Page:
So he [Jesus] replied to the messengers, “Go back and report to John what you have seen and heard: The blind receive sight, the lame walk, those who have leprosy are cured, the deaf hear, the dead are raised, and the Good News is preached to the poor.”
Traditionally, apologetics has been concerned with developing rational arguments that offer convincing proof to the seeker or the skeptic that faith in Jesus is plausible. This kind of intellectual engagement plays a crucial role in the overall mission of the Church. However, well-articulated arguments are not the only way to convince someone that Jesus is true.
John the Baptist was a significant religious figure at the same time as Jesus. He had spent his life telling others that a prophet was going to come, one who would bring in the kingdom of God in new and dynamic ways. As we read in Luke 7:18-23, John thinks that this prophet could well be Jesus, so he sends two of his followers to enquire, to see if Jesus can convince them that he is the one.
When asked if he is the one who is coming to bring God’s kingdom, Jesus answers by healing the sick, casting out evil spirits, and preaching Good News to the poor. Based on these actions, Jesus invites John’s disciples to judge whether God’s kingdom is breaking in. Jesus doesn’t offer any intellectual rationale or a carefully crafted defence of his ministry. He just shows justice and compassion to those who are sick, poor, and marginalized. These are the proofs that he offers as confirmation of his credibility.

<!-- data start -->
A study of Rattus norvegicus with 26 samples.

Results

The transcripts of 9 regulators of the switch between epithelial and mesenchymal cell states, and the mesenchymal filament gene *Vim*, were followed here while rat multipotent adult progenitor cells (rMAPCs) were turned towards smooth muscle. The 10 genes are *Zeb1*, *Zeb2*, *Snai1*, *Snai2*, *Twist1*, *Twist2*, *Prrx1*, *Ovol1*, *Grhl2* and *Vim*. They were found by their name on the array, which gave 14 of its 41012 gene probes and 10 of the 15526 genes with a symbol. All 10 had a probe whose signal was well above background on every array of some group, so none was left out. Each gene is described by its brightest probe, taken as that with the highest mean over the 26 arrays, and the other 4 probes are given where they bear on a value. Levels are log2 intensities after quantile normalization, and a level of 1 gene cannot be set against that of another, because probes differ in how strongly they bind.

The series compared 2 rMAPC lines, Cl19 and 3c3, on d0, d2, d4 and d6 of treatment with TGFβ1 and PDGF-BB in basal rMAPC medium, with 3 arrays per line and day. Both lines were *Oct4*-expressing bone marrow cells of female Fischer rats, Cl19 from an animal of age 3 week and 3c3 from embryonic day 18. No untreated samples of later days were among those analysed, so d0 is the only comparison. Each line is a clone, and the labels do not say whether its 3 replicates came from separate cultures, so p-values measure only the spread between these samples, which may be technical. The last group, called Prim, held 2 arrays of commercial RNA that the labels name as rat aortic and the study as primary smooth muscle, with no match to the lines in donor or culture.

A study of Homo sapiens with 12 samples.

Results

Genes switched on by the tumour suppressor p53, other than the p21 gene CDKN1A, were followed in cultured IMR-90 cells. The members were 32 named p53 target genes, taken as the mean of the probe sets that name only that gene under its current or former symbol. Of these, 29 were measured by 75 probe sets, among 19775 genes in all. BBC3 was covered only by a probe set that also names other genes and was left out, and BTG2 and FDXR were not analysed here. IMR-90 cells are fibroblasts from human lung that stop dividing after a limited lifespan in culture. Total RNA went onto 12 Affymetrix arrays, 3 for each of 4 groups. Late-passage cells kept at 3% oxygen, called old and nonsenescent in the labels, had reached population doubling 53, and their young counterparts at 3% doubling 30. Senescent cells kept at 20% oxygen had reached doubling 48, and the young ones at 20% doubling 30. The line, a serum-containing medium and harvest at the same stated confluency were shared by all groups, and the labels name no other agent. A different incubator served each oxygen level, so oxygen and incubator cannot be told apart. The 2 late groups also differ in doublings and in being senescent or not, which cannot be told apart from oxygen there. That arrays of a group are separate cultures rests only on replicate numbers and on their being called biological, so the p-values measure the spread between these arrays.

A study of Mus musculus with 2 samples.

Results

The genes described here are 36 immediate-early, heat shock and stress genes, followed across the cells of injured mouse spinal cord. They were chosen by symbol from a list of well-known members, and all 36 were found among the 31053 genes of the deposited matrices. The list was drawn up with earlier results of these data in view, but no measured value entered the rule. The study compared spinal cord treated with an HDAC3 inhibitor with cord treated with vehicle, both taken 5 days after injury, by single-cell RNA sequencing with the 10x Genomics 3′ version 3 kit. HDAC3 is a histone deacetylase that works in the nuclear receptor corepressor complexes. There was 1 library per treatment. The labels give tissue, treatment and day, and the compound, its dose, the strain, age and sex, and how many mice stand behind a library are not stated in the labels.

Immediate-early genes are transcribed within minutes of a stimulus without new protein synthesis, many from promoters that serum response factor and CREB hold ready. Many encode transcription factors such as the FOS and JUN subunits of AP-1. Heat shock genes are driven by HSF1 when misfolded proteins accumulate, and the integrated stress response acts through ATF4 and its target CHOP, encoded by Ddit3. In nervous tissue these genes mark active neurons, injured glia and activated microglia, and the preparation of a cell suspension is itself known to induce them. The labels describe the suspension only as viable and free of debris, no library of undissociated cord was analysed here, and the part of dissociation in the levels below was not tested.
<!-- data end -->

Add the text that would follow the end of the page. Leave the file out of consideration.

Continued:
If the church is going to make Jesus credible in our world, we have to do what Jesus did: demonstrate the Good News by proclaiming and embodying it in works of justice and compassion for those around us who need healing, deliverance, and hope. These remain the most convincing “proofs” that Jesus’ kingdom is indeed at hand.
SCRIPTURE TO REFLECT ON: LUKE 7:18–23
1. What do you think are the most convincing proofs of God’s kingdom? What do you think your neighbour would think are the most convincing proofs?
2. How can the Good News be embodied in works of justice and compassion without becoming just a social gospel?
Lee Beach is assistant professor of Christian Ministry and director of Ministry Formation at McMaster Divinity College in Hamilton, ON. Lee has served in pastoral ministry with The Christian and Missionary Alliance for 22 years and is currently part of a new church plant with his wife, Joanne, in Ancaster, Ontario.